A commodities supercycle is building as a sharp economic rebound from the COVID-19 pandemic and President Biden’s climate change fight will fuel higher prices over the next decade, according to J.P. Morgan.
Commodity prices have risen sharply from their pandemic lows with the S&P GSCI up 77% from its April 21 low through Thursday.
|GSG||ISHARES S&P GSCI COMMODITY IDX UNITS OF BENEF INTEREST||13.86||+0.16||+1.17%|
West Texas Intermediate crude oil is trading just below $60 per barrel and gold is hovering above $1,800 an ounce as loose monetary and fiscal policy have resulted in pressure on the U.S. dollar and sparked fears of a return of inflation.
|USO||UNITED STATES OIL FUND L.P.||39.81||+0.86||+2.22%|
|GLD||SPDR GOLD SHARES TRUST – EUR ACC||171.04||-0.17||-0.10%|
|UUP||INVESCO DB US DOLLAR INDEX BULLISH FUND – USD ACC||24.37||0.00||0.00%|
“Unintended consequences” of President Biden’s environmental policies will also be a catalyst for higher commodity prices, wrote J.P. Morgan quant strategist Marko Kolanovic.
Biden has promised to “transition” the U.S economy away from its reliance on fossil fuels and towards clean energy. Doing so will result in higher prices of metals needed to build out infrastructure and upward pressure on energy prices as supply is constrained.
In particular, Kolanovic says an “oil up cycle” has begun.
There have been four commodities supercycles over the previous 100 years, according to J.P. Morgan. The previous, which was driven by China’s economic boom, had a 12-year up cycle that peaked with the 2008 global financial crisis and was followed by a 12-year down cycle that ended with President Trump’s trade war and the COVID-19 pandemic.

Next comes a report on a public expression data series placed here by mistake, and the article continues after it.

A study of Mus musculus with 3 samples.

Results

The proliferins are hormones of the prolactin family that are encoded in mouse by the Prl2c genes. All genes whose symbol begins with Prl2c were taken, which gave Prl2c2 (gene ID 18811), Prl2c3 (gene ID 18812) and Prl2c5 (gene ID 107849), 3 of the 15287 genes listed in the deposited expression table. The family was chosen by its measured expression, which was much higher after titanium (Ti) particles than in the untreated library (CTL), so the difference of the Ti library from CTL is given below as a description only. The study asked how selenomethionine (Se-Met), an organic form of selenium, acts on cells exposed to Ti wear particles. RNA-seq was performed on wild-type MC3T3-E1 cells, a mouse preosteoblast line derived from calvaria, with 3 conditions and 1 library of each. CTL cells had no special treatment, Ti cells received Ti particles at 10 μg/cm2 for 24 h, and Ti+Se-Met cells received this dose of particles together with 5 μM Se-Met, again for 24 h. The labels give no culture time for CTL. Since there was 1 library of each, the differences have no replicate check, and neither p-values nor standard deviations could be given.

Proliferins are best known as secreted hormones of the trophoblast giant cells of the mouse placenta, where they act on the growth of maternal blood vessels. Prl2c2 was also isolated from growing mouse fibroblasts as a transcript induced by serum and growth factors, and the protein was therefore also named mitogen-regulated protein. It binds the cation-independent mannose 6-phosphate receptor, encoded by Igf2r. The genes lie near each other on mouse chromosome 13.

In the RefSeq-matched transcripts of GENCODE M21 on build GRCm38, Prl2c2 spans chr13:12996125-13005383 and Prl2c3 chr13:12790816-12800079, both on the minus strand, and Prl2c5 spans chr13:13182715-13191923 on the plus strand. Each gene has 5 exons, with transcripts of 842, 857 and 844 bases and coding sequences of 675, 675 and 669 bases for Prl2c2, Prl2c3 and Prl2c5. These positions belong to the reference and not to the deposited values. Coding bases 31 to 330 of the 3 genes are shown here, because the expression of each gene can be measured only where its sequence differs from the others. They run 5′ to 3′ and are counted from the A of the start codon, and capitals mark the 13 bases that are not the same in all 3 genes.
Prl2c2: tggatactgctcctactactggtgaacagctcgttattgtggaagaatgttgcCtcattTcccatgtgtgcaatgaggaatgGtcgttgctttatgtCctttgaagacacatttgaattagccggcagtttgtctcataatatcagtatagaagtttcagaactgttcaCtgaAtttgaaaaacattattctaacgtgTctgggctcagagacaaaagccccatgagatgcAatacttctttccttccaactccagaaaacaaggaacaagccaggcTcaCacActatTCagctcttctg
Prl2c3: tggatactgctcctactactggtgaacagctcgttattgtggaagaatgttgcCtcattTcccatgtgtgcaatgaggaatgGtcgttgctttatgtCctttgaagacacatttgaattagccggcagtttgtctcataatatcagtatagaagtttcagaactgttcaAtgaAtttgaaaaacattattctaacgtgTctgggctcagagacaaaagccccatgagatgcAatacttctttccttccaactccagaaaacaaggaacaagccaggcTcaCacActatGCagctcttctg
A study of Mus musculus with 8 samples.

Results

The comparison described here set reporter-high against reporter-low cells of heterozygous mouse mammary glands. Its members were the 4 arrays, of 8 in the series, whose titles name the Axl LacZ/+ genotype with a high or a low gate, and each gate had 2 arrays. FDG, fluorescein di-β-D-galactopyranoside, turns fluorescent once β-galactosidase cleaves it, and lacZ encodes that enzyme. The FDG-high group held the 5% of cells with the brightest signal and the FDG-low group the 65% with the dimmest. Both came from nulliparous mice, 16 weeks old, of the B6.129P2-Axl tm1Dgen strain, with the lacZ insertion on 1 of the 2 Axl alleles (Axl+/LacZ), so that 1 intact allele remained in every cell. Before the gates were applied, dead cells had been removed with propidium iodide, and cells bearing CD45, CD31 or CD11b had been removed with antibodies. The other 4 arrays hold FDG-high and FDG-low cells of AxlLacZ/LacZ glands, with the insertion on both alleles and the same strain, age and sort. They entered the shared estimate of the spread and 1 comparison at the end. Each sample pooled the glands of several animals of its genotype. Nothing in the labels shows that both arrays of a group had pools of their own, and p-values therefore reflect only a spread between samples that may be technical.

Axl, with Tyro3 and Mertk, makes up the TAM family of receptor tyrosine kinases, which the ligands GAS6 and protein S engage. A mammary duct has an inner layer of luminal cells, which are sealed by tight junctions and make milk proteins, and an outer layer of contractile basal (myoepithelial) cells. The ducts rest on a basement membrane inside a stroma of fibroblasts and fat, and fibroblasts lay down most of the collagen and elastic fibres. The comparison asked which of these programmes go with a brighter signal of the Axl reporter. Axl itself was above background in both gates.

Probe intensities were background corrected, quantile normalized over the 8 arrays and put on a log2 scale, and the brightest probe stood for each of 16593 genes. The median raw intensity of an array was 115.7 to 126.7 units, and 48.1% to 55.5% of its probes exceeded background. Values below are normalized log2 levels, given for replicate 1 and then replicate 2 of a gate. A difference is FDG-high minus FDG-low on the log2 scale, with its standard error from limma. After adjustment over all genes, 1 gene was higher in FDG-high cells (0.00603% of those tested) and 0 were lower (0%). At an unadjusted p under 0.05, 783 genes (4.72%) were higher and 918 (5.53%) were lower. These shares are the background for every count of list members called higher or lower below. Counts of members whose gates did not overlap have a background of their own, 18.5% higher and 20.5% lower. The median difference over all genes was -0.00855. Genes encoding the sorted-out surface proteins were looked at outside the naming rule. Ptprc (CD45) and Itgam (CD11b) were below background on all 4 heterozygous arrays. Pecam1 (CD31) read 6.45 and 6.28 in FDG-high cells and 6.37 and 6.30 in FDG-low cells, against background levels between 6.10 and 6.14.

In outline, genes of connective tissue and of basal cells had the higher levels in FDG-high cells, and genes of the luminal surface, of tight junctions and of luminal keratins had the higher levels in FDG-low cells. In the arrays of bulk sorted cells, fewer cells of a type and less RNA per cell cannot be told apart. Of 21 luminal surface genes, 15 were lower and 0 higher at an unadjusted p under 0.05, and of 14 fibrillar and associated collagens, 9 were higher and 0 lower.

West Texas Intermediate crude oil prices crashing below zero in March of last year was the “watershed event” needed to get investors interested in commodities again, said John LaForge, head of real asset strategy at Wells Fargo, on a call discussing his 2021 outlook. He declared “super bear cycle” over.
In fact, the rest of Wall Street seems to be on board, as well.
Bank of America strategists think the economy’s reopening means the return of human mobility will cause a macro data to surge as pent-up demand is unleashed and inflation shifts from Wall Street to Main Street.
They believe 2020 marked a “secular low” for rates and inflation, and that the current decade will likely see inflation assets outperform deflation assets and real assets outperform financial assets.
Goldman Sachs, meanwhile, said in October that a structural bull market was just getting started. They forecast commodities prices would rise 28% in 2021, led by energy (+43%) and precious metals (+18%).
Since Goldman’s call, WTI crude oil has gained 43% while gold is down 5.2% and silver is up 7.7%.